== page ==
Glendale Creek ready for salmon

Where a winter storm and floods left an impassable washout in 1997, a new culvert and rebuilt stream bed in the Glendale Creek are making the migration of wild and hatchery salmon possible. - Matt Johnson
Where a winter storm and floods left an impassable washout in 1997, a new culvert and rebuilt stream bed in the Glendale Creek are making the migration of wild and hatchery salmon possible.
— image credit: Matt Johnson

For the first time in more than 40 years, salmon will be able to swim the entire length of Glendale Creek this fall.

As migrating salmon were hitting fishermen’s lines on South Whidbey beaches, Mount Vernon subcontractor Rick Davis placed the last rocks and logs Friday in and around a 62-foot-long, 10-foot-wide, and 8-foot-high culvert under Glendale Road.

The culvert, installed as part of Island County’s effort to reopen the flood-ravaged road, replaces a 48-inch pipe that blocked fish from upper reaches of the creek since the early 1960s.

Russ Ramsey, a South Whidbey fisherman and salmon advocate, said the $100,000-plus culverting job came just in time. During the past two fall salmon runs, he and other volunteers netted fish at the bottom of the creek and transported them to water above the small pipe.

This year, Ramsey is ready to watch the fish make the journey on their own.

“The salmon are already at the mouth (of the creek),” he said Monday.

Island County Engineer Dick Snyder said this is the last of several huge culverts designed to “daylight” the stream. A condition to reopening Glendale Road, the culverts were required by the state Department of Fish and Wildlife before the county could begin work in late 1999.

Now, with just two weeks remaining on the the road reconstruction schedule, Snyder said he is looking forward to a day later this fall when both fish and cars can travel through the Glendale Creek canyon.

“Our intent is to reopen the road,” he said.

It should happen, based on the amount of money the county has spent on the project. Flooding in January 1997 caused the road to collapse in several places, and washed out culverts and driveways in the Glendale community. To repair the damage, Island County has spent about $1.1 million in state and federal money to build a retaining wall along one portion of the road, repave damaged sections of the road, and make the creek more fish friendly.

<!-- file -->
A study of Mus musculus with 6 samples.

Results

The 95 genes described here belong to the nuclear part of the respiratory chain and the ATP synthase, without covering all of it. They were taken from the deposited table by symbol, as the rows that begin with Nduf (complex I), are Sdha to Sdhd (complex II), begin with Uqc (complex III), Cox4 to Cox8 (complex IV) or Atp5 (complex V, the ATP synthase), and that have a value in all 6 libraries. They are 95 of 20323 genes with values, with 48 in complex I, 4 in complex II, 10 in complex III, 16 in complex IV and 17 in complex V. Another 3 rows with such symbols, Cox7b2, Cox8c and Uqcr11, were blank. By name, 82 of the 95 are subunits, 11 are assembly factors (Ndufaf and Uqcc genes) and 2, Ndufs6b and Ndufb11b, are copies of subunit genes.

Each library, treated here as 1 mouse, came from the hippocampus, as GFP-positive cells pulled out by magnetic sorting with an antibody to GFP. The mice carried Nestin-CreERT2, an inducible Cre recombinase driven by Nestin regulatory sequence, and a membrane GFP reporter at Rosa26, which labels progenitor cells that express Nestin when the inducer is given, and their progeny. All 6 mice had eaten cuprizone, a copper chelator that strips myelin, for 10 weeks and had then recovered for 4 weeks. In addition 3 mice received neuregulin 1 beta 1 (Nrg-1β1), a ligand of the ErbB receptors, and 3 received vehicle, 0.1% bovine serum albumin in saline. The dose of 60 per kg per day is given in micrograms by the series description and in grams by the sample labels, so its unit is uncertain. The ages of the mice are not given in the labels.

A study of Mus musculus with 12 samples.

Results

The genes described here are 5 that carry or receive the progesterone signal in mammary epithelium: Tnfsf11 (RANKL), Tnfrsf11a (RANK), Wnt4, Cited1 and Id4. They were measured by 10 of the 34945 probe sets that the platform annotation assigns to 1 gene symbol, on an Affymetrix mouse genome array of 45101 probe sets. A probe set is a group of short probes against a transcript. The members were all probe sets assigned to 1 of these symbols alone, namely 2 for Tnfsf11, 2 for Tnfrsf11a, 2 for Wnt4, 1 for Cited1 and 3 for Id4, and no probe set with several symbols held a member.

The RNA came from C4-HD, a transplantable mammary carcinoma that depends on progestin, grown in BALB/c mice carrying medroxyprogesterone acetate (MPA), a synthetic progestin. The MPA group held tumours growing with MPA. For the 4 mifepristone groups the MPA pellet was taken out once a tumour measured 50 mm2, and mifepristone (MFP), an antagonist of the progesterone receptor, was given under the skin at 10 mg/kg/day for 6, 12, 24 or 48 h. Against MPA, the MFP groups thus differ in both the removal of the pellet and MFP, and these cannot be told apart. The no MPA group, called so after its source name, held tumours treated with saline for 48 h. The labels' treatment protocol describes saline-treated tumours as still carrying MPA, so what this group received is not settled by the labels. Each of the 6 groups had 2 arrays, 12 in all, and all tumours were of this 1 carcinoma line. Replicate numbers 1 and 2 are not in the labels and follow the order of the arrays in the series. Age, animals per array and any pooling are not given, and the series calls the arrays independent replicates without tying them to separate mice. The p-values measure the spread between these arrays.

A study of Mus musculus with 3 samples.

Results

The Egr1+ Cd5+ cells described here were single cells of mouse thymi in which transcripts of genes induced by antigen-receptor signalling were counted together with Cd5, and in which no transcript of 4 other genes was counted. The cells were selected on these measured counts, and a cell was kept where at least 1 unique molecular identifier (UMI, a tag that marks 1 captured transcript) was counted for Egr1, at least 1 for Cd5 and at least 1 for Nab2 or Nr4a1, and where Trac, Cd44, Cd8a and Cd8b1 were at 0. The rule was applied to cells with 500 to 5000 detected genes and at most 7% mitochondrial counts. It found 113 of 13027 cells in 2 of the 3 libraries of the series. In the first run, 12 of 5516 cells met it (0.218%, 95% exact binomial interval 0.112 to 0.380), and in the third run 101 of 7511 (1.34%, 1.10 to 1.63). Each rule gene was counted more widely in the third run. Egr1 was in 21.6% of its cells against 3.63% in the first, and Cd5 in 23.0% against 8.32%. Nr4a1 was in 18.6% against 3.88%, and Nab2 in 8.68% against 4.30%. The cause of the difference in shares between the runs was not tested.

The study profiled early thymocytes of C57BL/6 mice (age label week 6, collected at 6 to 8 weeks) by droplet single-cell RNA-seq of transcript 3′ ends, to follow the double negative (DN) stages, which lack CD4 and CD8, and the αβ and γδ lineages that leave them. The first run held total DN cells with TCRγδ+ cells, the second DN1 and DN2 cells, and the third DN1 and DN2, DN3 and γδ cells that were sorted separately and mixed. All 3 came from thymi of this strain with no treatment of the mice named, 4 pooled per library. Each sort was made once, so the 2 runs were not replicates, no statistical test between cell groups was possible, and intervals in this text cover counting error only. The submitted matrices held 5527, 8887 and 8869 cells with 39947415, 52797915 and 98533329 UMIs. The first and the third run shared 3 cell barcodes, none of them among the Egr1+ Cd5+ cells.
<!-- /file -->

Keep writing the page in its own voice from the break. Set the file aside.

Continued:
Snyder expects South Whidbey’s Island Asphalt to finish the paving work on the road within the next two weeks. After that, a county road crew will sealcoat the road.

The board of Island County commissioners must take a formal vote to open the road before traffic is allowed to use it. That vote could come at any time after the work is competed.

The road opening could also be slowed by a lawsuit filed by the Friends of Glendale Creek, a group of South Whidbey residents who have opposed two lanes of traffic on Glendale Road. Don Miller, a spokesman for the group, said the suit may be rushed to court by an agreement between Island County and the Friends.

At this point, Miller said, his group probably will not ask that the road be removed, since the work is nearly complete. If the Friends win the suit, he said the group would ask for more “habitat enhancement” and greater precautions against future road collapses into the creek.

“It’s not very realistic to take the road out,” he said.